A first McDonnell-Douglas KC-10A Extender was flown to the Davis Monthan storage facility in Arizona. The U.S. Air Force plans to withdraw its entire KC-10 fleet within the next five years, while the bumpy entry into service of the KC-46 Pegasus continues.

The aircraft, serial number 86-0036, belonged to the 305th Air Mobility Wing of McGuire AFB, New Jersey, and was a mere 32 years old (some of the KC-135 Stratotankers have hit the 60-year mark). It arrived at the 309th Aerospace Maintenance and Regeneration Group (AMARG), colloquially known as The Boneyard, on July 13, 2020. Two more Extenders will be sent to Arizona before the end of the year. From 2021, up to twelve aircraft will be retired per year.

The KC-10, as well as its smaller colleague the Boeing KC-135 Stratotanker, will be gradually replaced by the KC-46 Pegasus. The Extender was capable of carrying over 160 tonnes of fuel, 70 tonnes more than its replacement.

Based on the McDonnell-Douglas DC-10-30F freighter, the KC-10 entered service 40 years to the day before the first was retired, on July 12, 1980. 60 of the tri-jets were ordered for the United States Air Force, while two were sold to the Netherlands. While it is a well-democratized concept today with the Multi-Role Tanker Transport (MRTT), the KC-10 was the first aircraft to offer both substantial tanker and transporter capacities.

Difficult USAF tanker fleet replacement

The USAF is currently struggling with its aerial refueling capacities, both for its own needs and those of its allies. In January 2020, General Stephen R. Lyons, commander of U.S. Transportation Command, said the U.S. military was “exceeding the red line“. And to make matters worse, the replacement of the tanker fleet has been anything but smooth. After years of production delays, the KC-46 Pegasus holds three crucial deficiencies to its name. 

Upon delivery of the first aircraft on January 10, 2019, more than a year after the due date, it came to light that the “Remote Vision System” (RVS), developed by Rockwell Collins, did not work as intended, especially under certain light conditions. The RVS is composed of several sensors and cameras that should help a boom operator during aerial refueling. But the USAF has discovered discrepancies between the motion shown by the RVS and what was happening in real life.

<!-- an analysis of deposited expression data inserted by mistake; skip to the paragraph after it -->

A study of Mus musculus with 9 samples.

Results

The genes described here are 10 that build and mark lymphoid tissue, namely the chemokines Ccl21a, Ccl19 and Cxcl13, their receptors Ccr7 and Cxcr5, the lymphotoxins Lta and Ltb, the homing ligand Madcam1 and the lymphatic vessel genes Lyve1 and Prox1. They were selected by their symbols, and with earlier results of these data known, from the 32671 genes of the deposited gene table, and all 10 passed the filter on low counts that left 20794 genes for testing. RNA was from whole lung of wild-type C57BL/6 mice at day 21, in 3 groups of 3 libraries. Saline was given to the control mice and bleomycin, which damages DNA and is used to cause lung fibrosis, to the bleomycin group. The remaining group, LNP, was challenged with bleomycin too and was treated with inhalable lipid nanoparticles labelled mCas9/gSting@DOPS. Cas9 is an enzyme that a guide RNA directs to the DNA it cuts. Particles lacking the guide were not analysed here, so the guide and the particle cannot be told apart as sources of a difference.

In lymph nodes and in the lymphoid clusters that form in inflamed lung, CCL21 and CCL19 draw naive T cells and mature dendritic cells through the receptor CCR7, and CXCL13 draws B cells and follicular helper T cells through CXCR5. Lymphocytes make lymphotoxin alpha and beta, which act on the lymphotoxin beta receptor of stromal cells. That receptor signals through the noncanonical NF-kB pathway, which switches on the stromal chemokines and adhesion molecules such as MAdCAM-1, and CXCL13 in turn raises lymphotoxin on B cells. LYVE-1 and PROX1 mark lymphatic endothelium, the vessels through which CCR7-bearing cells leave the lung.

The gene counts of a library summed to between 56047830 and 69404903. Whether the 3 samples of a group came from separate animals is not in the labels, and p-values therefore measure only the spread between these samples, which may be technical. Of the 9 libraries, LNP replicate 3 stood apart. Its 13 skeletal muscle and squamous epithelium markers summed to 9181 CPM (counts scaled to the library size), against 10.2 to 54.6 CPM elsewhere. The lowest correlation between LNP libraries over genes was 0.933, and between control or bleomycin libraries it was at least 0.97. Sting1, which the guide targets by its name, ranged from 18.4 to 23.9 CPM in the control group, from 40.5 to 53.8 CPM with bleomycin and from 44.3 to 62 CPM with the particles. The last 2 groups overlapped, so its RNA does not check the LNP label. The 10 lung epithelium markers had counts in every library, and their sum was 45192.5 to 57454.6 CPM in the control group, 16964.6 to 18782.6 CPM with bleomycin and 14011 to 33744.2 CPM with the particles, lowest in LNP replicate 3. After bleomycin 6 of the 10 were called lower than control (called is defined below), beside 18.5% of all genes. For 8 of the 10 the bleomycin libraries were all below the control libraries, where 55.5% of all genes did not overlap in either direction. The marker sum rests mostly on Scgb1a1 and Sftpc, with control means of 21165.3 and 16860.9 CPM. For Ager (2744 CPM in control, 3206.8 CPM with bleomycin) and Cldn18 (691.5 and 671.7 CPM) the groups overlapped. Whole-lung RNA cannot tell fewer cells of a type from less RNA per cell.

A new version, called RVS 2.0, was announced in April 2020. “With the help of scientists and engineers from both enterprises, the Air Force will lead design reviews and approve specifications to drive the partnership toward initial fielding in 2023,” the USAF announced.

 

Another problem was the design of the boom itself. During aerial refueling, both the tanker and the receiving aircraft must work together to connect the nozzle of the boom to the receptacle of the aircraft. However, multiple aircraft within the USAF, including the A-10 ground attack aircraft, were found unable to generate sufficient thrust to connect. Boeing was awarded $55.5 million by the USAF to fix it.

The latest issue upgraded to a Category I was the “excessive fuel leaks” that were discovered during a refueling test in July 2019. “In some cases with this issue, aircraft maintenance crews are finding fuel between the primary and secondary fuel protection barriers within the system,” Boeing reported. As per the contract, it is now up to the manufacturer to find a fix for this new problem – on its own funds.

 

Deliveries of the aircraft were suspended several times over quality concerns: twice in 2019 after loose tools were found in the tankers received by the USAF, including in the closed compartments of their wings, and once in 2020 after foreign object debris (FOD) was discovered in the fuel tanks.

In March 2020, General David Goldfein, Chief of Staff of the U.S. Air Force, told the Congress he would only send the KC-46A in a contested environment with highly trained crews if absolutely necessary. “We won’t use it for day-to-day operations, but it will be made available for a contingency,” Goldfein said.